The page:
Whitechapel is a busy place at the moment. Work appears finally to have started on the SSL platforms, with hoardings now up on the two outer platforms (effectively rendering it a standard two road station for now).
Elsewhere, Crossrail work is now properly underway above the Overground as well. As can be seen from the images below, the crash deck that began to appear above the ELL in December continues to progress, the last shot also gives a nice idea as to the relationship between the Hammersmith and District Lines and the Overground.
In other Crossrail news, both Terry Morgan and Rob Holden appeared before the London Assembly Transport Committee this morning.
There they indicated that negotiations over the Woolwich box were nearing completion, and that they expected all final agreements on this would be signed Tuesday next week.
Caroline Pidgeon also asked Rob about the reasons for his departure (and some of the rumours about discord between the two men). Holden made clear that his reasons where a combination of personal and professional – the professional being that he felt that ultimately Crossrail needed a skill set at a Chief Executive level which now did not necessarily mesh fully with his own. Notably, he felt that it needed someone with a stronger engineering background than his own.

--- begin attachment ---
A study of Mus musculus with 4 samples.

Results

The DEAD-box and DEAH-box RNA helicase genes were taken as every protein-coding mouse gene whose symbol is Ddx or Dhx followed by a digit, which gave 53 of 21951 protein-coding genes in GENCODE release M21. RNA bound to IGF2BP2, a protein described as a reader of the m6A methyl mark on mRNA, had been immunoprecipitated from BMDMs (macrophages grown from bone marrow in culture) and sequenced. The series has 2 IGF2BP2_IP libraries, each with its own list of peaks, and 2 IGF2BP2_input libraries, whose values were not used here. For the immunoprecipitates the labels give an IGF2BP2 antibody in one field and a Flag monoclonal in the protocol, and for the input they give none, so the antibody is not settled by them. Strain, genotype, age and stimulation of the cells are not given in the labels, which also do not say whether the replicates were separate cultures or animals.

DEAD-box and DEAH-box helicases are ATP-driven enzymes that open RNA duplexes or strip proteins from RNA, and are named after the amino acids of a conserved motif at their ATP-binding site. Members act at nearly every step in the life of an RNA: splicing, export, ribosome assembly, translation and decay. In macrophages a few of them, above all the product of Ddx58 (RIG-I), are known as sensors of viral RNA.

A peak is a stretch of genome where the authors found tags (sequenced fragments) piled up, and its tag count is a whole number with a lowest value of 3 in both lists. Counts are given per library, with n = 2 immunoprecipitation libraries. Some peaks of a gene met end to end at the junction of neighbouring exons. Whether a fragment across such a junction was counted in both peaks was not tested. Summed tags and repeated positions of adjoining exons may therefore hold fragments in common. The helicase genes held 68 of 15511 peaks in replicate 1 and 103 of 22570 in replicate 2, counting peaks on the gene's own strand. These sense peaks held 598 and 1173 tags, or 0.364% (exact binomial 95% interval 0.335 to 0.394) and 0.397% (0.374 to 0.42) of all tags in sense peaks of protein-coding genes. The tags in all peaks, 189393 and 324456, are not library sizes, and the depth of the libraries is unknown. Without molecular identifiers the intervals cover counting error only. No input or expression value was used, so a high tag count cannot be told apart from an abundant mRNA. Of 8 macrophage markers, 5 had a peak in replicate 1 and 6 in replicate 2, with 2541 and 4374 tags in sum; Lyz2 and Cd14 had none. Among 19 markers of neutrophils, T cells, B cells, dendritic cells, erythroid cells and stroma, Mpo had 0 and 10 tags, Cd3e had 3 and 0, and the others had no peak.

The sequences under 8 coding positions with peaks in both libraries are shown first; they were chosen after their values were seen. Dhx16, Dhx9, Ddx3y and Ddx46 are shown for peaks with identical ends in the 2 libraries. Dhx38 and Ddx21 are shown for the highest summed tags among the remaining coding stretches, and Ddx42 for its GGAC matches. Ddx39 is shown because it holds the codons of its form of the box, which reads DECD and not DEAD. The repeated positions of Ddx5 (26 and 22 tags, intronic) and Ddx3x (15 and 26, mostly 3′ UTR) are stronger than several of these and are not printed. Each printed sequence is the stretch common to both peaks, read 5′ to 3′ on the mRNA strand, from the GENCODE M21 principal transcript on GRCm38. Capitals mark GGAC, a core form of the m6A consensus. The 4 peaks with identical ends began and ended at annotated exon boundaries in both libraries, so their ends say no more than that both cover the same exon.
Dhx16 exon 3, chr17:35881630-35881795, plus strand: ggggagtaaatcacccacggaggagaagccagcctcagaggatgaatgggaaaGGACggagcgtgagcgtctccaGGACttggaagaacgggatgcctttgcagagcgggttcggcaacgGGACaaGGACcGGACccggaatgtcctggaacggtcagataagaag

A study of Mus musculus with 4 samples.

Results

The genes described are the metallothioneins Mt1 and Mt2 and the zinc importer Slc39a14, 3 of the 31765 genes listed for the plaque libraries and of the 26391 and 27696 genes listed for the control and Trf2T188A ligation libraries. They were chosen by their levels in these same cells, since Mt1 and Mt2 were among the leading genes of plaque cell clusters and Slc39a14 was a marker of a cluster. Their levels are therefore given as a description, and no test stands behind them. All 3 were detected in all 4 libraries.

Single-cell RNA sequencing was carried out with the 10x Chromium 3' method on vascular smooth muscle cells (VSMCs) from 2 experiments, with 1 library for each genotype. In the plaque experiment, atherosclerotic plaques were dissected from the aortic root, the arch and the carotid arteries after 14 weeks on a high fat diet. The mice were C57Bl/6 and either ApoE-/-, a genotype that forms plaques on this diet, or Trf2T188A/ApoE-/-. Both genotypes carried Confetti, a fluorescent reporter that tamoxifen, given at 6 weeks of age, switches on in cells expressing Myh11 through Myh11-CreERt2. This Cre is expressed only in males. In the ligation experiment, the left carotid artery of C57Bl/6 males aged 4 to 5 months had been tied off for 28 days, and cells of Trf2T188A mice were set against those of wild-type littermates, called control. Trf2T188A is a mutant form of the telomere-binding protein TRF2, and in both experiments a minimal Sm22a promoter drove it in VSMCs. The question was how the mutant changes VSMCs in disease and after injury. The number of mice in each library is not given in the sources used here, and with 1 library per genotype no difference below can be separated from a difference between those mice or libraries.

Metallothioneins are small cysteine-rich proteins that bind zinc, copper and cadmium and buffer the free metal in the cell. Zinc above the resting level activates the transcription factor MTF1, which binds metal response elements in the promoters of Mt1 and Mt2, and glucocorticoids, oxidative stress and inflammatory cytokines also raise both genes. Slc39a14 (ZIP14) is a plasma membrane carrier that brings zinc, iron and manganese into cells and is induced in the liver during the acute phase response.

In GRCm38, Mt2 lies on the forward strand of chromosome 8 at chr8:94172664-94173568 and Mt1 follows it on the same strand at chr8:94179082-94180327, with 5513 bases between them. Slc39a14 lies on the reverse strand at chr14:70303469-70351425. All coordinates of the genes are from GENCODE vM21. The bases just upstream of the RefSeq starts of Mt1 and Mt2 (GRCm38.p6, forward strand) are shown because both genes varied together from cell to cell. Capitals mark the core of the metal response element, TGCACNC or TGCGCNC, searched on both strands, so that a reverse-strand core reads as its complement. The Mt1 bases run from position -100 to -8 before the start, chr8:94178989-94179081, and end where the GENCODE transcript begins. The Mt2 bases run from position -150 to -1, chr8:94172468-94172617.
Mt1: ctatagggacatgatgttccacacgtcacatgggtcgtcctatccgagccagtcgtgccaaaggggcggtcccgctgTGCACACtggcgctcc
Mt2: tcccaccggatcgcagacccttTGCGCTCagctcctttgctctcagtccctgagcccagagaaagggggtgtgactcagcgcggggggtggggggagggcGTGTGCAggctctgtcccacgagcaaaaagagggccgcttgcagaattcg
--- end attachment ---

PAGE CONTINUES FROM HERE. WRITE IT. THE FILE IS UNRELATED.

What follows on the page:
He also rather eloquently summed up his own feelings on his resignation and the attention it has drawn:
I’m very frustrated that [rumours] are being raised. I’m also extremely frustrated that we’re spending so much time on this issue to the detriment of taking the project forward.
The project is not about me. If you’re a football follower, as Kenny Dalglish said the other day – ‘The club Liverpool is much greater than any individual.’
Irrespective of the fact that someone just spent fifty million pounds on Torres, Crossrail is the same. It’s more than individuals, and I’m proud that I’ve helped to put together a team that will take the project through to testing.